I’ve been told that alternate history is a “high-concept” genre because it allows for narratives that are created by asking the question: what if? In a high-concept story, that single question sparks a chain of events that turns normal quickly into the extraordinary. With that mind, I can’t think of a story that is more high-concept right now than The Power by Naomi Alderman.
The Power is set in a world much like our own, except one day teenage girls suddenly gain the power to release electricity from their hands (thereafter known as the Day of the Girls). The young girls are also able to awaken this talent in older women, implying that this was an ability that women may have had before, but it was lost long ago. Nevertheless, its back now and suddenly the gender dynamic is switched, with women now being physically stronger then men.
As one can expect, the world doesn’t take it well. Young girls are thrown out of their homes or burned as witches. Violent rebellions begin in countries like Saudi Arabia or in other places known for oppressing women. Governments aren’t sure what to do and quickly begin to panic when it becomes clear that there isn’t a “cure” forthcoming. Men’s rights activists (I laugh every time I need to say or type that) turn violent, while women experiment with their newfound power to see just how far they can take it.
The history of this new world is primarily told from the perspective of four main characters: Roxy (the daughter of a British mobster whose power is awoken on the day she witnesses her mother’s murder), Tunde (a young Nigerian man who becomes famous when he uploads a video of a woman using her power to attack a man who has been sexually harassing her), Margot (the mayor of a New England city whose daughter awakens the power within her) and Allie (a young mixed-race Southern girl who hears a voice in her head motivating her to change the world). From their eyes we see the dynamic of human civilization change and the conflict that arises when those who don’t want to lose power throw out all the stops to keep it.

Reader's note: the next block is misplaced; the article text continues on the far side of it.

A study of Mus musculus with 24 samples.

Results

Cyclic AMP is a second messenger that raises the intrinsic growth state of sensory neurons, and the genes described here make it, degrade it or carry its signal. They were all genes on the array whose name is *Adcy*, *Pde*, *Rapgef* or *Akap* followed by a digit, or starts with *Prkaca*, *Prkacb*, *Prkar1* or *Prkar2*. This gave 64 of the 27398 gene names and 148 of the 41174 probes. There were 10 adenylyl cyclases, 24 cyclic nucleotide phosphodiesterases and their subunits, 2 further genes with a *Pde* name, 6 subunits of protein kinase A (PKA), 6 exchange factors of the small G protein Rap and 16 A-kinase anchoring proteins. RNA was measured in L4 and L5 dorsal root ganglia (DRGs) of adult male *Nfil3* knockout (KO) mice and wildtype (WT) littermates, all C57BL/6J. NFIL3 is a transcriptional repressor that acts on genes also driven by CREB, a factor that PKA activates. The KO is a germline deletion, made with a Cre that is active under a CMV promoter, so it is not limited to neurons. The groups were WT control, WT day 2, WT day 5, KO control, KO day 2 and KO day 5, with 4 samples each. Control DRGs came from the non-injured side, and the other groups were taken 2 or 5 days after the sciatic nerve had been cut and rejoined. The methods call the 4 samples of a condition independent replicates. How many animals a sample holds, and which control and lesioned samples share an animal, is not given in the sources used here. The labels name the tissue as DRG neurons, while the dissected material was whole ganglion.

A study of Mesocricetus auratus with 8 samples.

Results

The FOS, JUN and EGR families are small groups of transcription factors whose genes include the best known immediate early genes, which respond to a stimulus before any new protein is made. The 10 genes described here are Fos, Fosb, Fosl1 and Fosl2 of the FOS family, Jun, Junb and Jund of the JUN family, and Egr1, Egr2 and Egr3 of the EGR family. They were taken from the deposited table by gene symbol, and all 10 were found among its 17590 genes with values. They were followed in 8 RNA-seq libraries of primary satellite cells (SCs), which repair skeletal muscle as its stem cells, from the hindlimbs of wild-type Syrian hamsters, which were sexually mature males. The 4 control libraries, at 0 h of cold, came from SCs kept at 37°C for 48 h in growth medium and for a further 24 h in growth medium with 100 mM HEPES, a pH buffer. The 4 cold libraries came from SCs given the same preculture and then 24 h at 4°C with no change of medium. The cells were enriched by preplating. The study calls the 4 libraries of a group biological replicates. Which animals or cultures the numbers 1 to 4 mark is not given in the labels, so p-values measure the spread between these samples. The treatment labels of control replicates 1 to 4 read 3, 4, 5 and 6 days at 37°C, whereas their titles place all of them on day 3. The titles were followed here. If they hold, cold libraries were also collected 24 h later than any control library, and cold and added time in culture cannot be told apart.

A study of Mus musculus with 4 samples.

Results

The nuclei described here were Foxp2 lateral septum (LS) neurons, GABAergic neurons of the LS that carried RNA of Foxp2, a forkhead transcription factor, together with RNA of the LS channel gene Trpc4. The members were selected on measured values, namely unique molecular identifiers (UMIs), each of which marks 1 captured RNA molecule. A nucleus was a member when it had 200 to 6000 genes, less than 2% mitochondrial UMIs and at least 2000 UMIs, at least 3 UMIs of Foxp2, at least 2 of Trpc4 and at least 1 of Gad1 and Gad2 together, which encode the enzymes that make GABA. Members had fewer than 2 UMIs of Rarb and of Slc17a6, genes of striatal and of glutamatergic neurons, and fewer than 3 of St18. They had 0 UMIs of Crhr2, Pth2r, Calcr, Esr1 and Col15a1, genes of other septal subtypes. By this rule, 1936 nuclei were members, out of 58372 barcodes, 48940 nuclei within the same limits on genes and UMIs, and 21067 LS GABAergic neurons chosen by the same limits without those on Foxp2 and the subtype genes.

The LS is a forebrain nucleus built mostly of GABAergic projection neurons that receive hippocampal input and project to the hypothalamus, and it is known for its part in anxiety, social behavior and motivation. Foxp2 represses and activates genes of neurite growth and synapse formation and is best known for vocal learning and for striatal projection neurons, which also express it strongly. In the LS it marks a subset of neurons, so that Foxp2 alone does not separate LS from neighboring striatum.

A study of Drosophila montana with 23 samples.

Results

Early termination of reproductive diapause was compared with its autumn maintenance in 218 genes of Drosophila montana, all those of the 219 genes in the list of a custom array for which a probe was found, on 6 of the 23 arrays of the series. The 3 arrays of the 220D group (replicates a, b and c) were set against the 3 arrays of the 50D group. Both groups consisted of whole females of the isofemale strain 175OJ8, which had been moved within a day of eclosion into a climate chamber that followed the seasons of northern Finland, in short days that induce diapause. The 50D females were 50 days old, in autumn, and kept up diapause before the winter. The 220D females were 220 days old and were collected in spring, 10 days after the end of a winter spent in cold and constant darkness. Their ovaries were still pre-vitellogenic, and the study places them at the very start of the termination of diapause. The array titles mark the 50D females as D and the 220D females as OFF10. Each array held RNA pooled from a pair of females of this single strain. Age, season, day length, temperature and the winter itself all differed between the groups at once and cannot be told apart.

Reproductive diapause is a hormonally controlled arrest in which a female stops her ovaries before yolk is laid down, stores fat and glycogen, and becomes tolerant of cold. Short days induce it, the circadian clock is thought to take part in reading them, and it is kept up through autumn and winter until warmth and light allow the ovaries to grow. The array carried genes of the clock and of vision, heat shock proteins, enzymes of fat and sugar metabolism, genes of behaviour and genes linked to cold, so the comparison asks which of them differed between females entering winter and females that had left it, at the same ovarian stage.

There is also a framing story at the start and end of The Power set thousands of years after the events of the book told through a series of letters between a male author who is attempting to shine light on the events following the Day of the Girls and a female author who is giving him advice (who may actually be a future version of Alderman, but whatever). Their correspondence was a clever way to introduce and conclude the story, but its the middle part which concerns us most in this review.
Now I know I likened The Power to alternate history, but that is only half-right. Alderman obviously doesn’t change the past as we know it since the setting can easily be our contemporary times, but it still reminds me a lot of those stories that use alien space bats to get the plot started. Sort of like how SM Stirling shut off technology in the Emberverse books or John Birmingham wiped out America in Without Warning. The good ASB stories, in my humble opinion, are the ones that start off with a supernatural divergence, but the story that comes after it strives to be as plausible as possible.
I think Alderman did a good job keeping her story plausible. Things don’t change overnight for women and even violent uprisings led by women often lead to political upheaval or civil war later. I found it amusing (in a sort of black humor way) how in our world male violence against women in school is brushed off by society as “What are you going to do?” or “Not all men are like that”, but give women the power to fight back and suddenly its: “That’s it! Each gender needs to go to their own school pronto!” And you know what? I find that scenario to be entirely believable. If history tells us anything, the majority always tends to resort to extreme measures as soon as someone in the minority starts to resist.
I also liked how Alderman did her best to be fair to both genders. There are good men and women in this world, but there are a lot of bad ones as well. Young men become radicalized on the Internet to hate women, while many women learn how they can take advantage of men sexually using their power. A scene featuring women soldiers attacking a refugee camp in Moldova was…pretty brutal, but that is to be expected. The Power is very much a dystopia and there are very few happy endings in those stories. Plus if dystopias teach us anything its that power corrupts even those with the best intentions.
Granted The Power isn’t perfect. It is slow in the beginning and there are a few scenes where even I thought the plausibility scale was dropping too far into the “yeah right” category, but overall this was still an excellent read. The twist at the end involving Allie also caught me off-guard…and left me disturbed in a way I haven’t felt since reading The Perks of Being a Wallflower.
Naomi Alderman has shown that she really knows what to do with a “what if” question and if you like seeing the world broken to pieces in a fresh way, then I can recommend The Power.